Jun 25, 2016 ● By Sheila Julson

Dr. Terry Mason

Dr. Terry Mason, chief operating officer of the Cook County Department of Public Health, believes that people have power to greatly improve health through whole, plant-based eating—obtaining most calories through fruits, vegetables, beans and legumes. When he discovered 10 years ago that many ailments plaguing Americans, such as cardiovascular disease and high cholesterol, are the result of animal-based and processed foods damaging the lining of the body’s blood vessels, he became a passionate advocate for plant-based diets.

       In 2007, while serving as Chicago’s public health commissioner, he started the successful program Restart4Health, challenging Chicagoans to try plant-based eating during the month of January after holiday indulgences. Mason shares his knowledge through lectures and radio shows, and will speak at the 11th annual Veggie Fest on July 23 and 24 at Science of Spirituality, in Lisle.

In addition to health benefits, such as lower cholesterol, what are some other advantages of switching to a plant-based way of eating?

There has been a lot of discussion about the microbiomes, or the environment in the gut, particularly the large intestine, that are responsible for creation of many bacteria. The things we eat alter the environment and the growth of those bacteria, so if we don’t eat the right kinds of foods, we don’t help proliferate growth of the kinds of bacteria we need to make the vitamins necessary to protect us. We’re learning now that gut flora is absolutely critical to good health, and flora of the gut can be altered in a positive way by eating whole, plant-based foods.

       As far as environmental advantages, thanks to people like [author and sustainable foods advocate] Dr. Richard Oppenlander and movies like Cowspiracy, word is getting out. The World Health Organization and major global nations are talking about how animal agriculture waste is the major cause of rain forest deforestation, dead zones in our oceans and greenhouse gasses.

What are some common misconceptions about plant-based eating?

People tell me that it costs too much to eat that way, so I ask them, “Well, how much is a box of oatmeal?” or, “How much is a pound of dried beans?” Name any bean and compare that price per pound to a pound of sirloin steak or ground chuck. Also, a lot of people think about where they are going to get protein. About 8 to 10 percent of the total dietary intake needs to be protein. That’s about the same amount you get from a good plant-based way of eating. People have this misconception that you don’t get complete protein in a plant-based diet, but that’s not true. Look at some of the largest animals in the world—they’re all herbivores.

With meat and processed food temptations everywhere, how can people shift to
plant-based eating?

Don’t worry about trying to do it all. Just start with vegetables and fruits you like and keep adding. It’s not an all-or-none approach. If you’re eating meat, just add broccoli. Then next time you add the broccoli, maybe also add string beans or asparagus. If you like apples, oranges or berries, add those things. If you can’t add something every day, commit to adding something every week. Keep adding, and don’t forget to drink water and far less caffeinated and sugar-sweetened beverages, like coffee, soda and juice-flavored drinks.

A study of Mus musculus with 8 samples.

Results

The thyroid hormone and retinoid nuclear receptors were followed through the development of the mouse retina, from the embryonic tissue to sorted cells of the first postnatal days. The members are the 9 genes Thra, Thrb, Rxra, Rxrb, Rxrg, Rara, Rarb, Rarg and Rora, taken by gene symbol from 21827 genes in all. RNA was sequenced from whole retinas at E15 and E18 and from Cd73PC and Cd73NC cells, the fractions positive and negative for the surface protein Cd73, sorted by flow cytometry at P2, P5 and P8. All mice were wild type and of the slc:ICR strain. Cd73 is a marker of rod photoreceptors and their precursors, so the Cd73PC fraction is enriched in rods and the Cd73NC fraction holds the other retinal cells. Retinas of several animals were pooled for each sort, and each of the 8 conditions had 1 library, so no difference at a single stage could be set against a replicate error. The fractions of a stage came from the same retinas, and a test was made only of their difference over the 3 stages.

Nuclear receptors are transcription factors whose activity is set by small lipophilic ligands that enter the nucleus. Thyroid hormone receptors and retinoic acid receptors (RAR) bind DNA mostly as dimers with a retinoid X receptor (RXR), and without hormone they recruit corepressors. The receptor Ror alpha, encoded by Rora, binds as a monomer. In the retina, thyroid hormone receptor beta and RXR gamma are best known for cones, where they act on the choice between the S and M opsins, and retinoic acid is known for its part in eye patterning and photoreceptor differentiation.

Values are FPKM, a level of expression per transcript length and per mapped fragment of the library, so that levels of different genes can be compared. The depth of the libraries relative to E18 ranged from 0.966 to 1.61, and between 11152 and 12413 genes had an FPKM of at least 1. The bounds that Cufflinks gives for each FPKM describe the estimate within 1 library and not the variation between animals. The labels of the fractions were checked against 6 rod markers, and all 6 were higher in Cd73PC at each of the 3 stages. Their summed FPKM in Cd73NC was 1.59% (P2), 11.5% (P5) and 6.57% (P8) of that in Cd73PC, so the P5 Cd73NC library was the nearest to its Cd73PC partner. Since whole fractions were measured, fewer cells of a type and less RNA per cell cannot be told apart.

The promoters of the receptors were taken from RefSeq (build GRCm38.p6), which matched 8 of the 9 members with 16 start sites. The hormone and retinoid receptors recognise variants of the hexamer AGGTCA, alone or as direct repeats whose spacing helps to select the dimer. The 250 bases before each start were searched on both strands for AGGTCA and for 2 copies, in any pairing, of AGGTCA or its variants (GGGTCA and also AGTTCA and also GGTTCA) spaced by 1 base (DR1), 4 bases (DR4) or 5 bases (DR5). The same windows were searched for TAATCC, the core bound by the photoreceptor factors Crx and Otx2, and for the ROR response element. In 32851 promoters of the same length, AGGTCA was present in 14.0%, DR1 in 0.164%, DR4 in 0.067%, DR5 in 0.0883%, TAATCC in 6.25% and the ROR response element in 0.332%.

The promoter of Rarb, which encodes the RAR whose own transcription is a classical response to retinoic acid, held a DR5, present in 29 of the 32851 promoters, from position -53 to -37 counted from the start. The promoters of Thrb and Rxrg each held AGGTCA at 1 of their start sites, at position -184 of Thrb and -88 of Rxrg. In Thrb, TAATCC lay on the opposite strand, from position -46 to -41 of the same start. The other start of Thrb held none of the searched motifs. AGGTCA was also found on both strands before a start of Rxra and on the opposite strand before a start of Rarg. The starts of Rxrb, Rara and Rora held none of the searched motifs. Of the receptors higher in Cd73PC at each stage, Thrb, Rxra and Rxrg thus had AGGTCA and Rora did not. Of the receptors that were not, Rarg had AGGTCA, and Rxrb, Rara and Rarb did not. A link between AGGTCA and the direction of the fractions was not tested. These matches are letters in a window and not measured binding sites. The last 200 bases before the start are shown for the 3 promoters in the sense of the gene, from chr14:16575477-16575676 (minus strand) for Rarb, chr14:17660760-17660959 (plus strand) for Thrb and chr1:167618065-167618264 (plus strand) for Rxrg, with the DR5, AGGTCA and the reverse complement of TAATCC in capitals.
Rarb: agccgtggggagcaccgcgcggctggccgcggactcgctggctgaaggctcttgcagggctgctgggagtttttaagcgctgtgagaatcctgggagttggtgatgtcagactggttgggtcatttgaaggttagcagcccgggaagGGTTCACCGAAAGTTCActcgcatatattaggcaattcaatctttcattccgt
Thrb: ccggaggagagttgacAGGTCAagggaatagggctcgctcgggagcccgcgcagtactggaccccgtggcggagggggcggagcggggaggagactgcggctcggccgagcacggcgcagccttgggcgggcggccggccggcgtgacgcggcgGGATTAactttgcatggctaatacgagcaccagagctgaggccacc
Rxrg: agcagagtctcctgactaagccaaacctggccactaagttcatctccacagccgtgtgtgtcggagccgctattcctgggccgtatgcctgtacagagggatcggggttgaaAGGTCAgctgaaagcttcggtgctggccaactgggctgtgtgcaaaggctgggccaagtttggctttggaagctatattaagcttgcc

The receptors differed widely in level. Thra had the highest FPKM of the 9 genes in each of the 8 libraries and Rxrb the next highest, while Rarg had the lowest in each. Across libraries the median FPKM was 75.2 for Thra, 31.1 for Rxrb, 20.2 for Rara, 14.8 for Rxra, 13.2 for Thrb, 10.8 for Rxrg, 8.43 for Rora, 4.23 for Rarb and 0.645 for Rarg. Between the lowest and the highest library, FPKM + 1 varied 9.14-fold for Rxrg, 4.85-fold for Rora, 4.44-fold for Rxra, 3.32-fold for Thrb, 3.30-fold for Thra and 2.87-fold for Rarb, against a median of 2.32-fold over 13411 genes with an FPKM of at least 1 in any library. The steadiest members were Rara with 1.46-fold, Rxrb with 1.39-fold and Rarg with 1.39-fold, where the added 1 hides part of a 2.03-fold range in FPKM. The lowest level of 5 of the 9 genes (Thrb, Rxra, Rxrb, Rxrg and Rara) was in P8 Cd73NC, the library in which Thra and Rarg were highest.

Are you optimistic that more people will embrace plant-based eating?

Absolutely, because I’ve already seen it with people I’ve worked with. More young people are into it, and movies like Forks Over Knives and Food, Inc. are showing people what food means and how food is produced.

       I would certainly like for people to come out and support Veggie Fest. There’s lots of information being shared through lectures and resources and food that people can sample. Spiritual leaders will also talk about the state of mind that we need to have; it’s not only about eating the right food physically, but also about making sure that we have better diets spiritually and mentally. We have to take time to let our brains and our spirits calm, so additional therapies, like yoga and meditation, allow us to receive mental and spiritual connections to food. It’s not just a few hippie people; there are all types trying to learn, and that’s how you start. Read it, research it and try to live it for yourself.

Sheila Julson is a Milwaukee-based freelance writer and contributor to Natural Awakenings magazines throughout the country.


Dr. Terry Mason to speak at this year’s Veggie Fest


The 11th annual Veggie Fest will take place from 11 a.m. to 8 p.m., July 23 and 24, on the grounds of Science of Spirituality, in Lisle. Each year, thousands of people, from beginners and flexitarians to long-time vegans, experience the vegetarian lifestyle through cooking demonstrations and food samples, as well as educational lectures by health professionals, spiritual leaders, authors and other experts in healthy food and environmental sustainability. The event also provides more than 100 vendors and kids’ art and music activities.

Admission is free. Location: 4045 N. Naperville Rd., Lisle. For more information, visit See ad on page 9.